A sceptical sector
There can be no doubt that the recent amendments to MARPOL Annex VI represented a huge shift in the way the maritime industry approaches decarbonisation. So what do these requirements mean for an industry grappling with its mandate to reduce emissions?
On January 1, 2023, new requirements for EEXI and CII came into force, marking a significant step in the maritime industry’s journey to decarbonisation. In simple terms, these regulations require that calculations for energy efficiency and carbon intensity are performed for all ships that fall under their scope so that they can be meticulously and measurably improved in line with emissions targets for 2030 and 2050.
These new requirements represent an important stride towards the International Maritime Organization’s (IMO) goal of decreasing annual greenhouse gas emissions by 50% from international shipping by 2050, compared with 2008 levels.
Overcoming the doubts
In general, however, shipping is becoming more and more comfortable with digital solutions. The introduction of chart plotters in the 90’s marked the first real move towards digital technology, enabled by the widespread adoption of GPS in the 80’s. ECDIS standards were later introduced in 1995, and since then, digital solutions have delivered benefit after benefit to the industry. Today’s advanced monitoring and information systems have been made possible by digitalisation, and they continue to make shipping safer, more efficient, and increasingly cost-effective. Such value-adding benefits are proving a major driver for overcoming any remaining doubts regarding this technology.
Initially, there was a wariness of the reliability of digital technology used aboard, mainly due to a fear of blackouts, and concerns about the accuracy of data. In terms of training for deck officers, there remains a persistent attitude of keeping one eye over your shoulder, to ensure that traditional mariner skillsets could be called upon in case digital technology fails while out at sea. Morse code was only recently dropped from the curricula of most maritime academies and all junior officers are still trained to use a sextant and do manual position fix calculations from star sights.
Assessing the Benefits
Of course, training is required for seafarers to understand and stay up to date on the latest digital technology and solutions available. This is a given and is true for any change to the way ships are operated or controlled. But let’s look at where digitalisation has a really positive impact on both shoreside teams and shipboard crew.
We could start with voyage planning. Determining the best route for getting your vessels to their destinations as quickly, safely, and as cost-effectively as possible can be a complex and time-consuming task. So many variables need to be assessed; the weather, tides, the environmental regulations likely to be encountered, port requirements, any NavArea warnings or alerts issued, the scheduling requirements and, of course, the anticipated fuel costs.
Digital solutions, such as OneOcean’s PassageManager for example, can handle all these tasks in a matter of minutes. This greatly eases the workload. But more than that, the technology ensures that the route selected is the best one possible, from all points of view, including cost, safety and compliance. The system also provides data to enhance decision-making, allowing mariners to better react to unexpected situations, a sudden storm for instance, to offer the best alternative route. In other words, the decision-making for the crew is made far, far easier.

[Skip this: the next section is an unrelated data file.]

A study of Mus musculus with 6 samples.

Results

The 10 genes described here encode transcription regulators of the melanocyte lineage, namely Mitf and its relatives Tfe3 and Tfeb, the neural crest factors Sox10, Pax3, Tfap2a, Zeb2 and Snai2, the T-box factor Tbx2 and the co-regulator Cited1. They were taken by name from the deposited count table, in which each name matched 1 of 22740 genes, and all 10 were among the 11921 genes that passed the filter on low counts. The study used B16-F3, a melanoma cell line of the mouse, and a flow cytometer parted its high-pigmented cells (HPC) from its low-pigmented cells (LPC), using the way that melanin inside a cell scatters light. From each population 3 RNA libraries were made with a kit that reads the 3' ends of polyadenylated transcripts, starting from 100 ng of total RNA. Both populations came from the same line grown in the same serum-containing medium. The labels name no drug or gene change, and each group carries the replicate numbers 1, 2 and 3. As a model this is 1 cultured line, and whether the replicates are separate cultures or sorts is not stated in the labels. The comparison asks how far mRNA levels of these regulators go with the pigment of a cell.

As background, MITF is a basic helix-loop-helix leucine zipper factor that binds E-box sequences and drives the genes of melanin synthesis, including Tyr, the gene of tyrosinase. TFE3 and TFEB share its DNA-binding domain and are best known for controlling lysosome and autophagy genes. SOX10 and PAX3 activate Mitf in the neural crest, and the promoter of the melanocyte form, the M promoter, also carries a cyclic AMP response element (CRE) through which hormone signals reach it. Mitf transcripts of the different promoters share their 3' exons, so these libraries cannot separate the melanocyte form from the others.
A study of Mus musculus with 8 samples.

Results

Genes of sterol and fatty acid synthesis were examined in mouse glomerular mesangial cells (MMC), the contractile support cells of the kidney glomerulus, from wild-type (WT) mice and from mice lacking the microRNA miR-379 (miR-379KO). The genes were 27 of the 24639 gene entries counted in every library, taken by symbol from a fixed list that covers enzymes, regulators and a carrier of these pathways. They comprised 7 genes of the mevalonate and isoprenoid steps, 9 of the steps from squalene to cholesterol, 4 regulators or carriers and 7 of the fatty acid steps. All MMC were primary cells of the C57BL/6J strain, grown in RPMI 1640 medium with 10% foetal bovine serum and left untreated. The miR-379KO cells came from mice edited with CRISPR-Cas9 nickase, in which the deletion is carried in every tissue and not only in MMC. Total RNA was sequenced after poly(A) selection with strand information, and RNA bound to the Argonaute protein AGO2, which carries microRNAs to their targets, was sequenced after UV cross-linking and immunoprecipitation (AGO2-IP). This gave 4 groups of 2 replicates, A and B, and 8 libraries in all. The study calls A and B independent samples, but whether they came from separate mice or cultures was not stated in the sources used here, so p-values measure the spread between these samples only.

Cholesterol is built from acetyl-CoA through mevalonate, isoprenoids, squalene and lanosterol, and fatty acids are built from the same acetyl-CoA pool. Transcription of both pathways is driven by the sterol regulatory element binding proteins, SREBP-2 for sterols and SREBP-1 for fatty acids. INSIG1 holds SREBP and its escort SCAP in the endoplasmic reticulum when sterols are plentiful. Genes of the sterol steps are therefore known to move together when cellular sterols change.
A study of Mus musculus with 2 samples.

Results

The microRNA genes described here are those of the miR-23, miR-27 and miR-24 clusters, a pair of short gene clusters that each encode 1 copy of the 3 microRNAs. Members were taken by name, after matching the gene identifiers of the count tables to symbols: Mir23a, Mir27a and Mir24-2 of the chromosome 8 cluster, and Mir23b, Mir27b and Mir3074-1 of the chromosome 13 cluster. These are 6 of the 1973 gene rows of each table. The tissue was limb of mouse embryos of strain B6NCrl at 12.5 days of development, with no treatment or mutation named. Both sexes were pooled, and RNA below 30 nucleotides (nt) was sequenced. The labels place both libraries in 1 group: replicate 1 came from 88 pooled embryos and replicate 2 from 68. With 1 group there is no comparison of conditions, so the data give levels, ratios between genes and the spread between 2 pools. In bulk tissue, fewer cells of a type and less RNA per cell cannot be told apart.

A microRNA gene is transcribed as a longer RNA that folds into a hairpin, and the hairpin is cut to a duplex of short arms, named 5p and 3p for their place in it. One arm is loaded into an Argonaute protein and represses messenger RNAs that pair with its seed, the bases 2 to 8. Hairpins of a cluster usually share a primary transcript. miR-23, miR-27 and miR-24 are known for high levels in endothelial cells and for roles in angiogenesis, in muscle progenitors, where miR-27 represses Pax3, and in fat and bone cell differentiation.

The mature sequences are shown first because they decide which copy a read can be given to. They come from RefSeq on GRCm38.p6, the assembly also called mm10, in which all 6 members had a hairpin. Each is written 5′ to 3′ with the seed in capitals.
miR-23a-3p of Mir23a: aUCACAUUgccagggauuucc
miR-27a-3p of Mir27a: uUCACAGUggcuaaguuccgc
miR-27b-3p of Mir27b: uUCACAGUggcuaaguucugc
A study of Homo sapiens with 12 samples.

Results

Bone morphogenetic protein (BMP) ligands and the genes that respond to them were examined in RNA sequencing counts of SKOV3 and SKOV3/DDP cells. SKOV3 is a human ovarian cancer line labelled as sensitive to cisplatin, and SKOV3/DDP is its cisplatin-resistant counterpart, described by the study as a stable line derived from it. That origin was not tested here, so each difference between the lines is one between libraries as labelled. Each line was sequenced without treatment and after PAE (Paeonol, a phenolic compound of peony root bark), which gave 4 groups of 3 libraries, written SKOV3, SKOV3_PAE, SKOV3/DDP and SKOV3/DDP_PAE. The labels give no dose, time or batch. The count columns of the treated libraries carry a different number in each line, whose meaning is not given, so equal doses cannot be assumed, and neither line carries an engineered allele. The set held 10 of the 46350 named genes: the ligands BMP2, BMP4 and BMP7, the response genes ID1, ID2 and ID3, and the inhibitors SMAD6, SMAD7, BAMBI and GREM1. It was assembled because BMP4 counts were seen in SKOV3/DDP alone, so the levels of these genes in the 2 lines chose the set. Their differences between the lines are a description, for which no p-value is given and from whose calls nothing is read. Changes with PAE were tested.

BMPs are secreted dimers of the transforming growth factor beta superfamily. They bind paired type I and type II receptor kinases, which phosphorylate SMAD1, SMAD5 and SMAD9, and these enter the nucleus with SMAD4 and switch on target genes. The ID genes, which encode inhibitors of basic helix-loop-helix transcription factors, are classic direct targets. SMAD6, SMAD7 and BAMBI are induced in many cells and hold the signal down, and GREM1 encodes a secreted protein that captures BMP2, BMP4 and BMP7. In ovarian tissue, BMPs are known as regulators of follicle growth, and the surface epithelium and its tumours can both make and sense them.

In general, the ability to view and analyse data in context is a tremendous help to ship crew. A prime example is the way this assists with record book entries. Paper record books come in different formats and are used to store all kinds of information regarding a ship’s operations. Completing these records and keeping them continually up to date is a task that requires time and care. If information is missing, the Port State Control inspection of the ship is likely to fail, with all the resultant delays, fines and extra work being the unfortunate outcome.
Digital solutions, on the other hand, can help ensure that record book entries are completed with accuracy and ease. The entries are standardised and completed in a consistent format. The risk of accidental omissions and errors is almost removed, and life becomes that much easier for the crew who spend less time filling in paperwork.
A similar situation exists with the extensive documentation needed for safety management system (SMS) compliance. Handling all this paperwork manually and making sure the data is entered correctly is a demanding task. How much easier it is to have a digital solution taking care of all ship-to-shore document exchange and administration. The crew can concentrate on operational priorities instead.
The same is true for staying abreast of the myriad of global, regional and local rules and regulations. The regulatory seascape is increasingly becoming a jigsaw puzzle of local and international environmental regulations. Often, the crew does not have access to countries’ baseline information or may find it onerous to locate national regulations, which makes it easy to fall afoul of them and be subject to fines, detentions or even prison time.
To stay compliant at all times, decision makers aboard need to know precisely what the regulations are, and when and where they apply. An advanced digital solution, such as OneOcean’s EnviroManager and Regs4ships, can provide this information, reducing the risk of costly mistakes being made.
All industries should strive towards progress and the maritime industry is no exception. If commercial maritime operators want to continue sailing towards greater efficiencies, increased environmental sustainability and lower operating costs, digital technology must be part of the equation.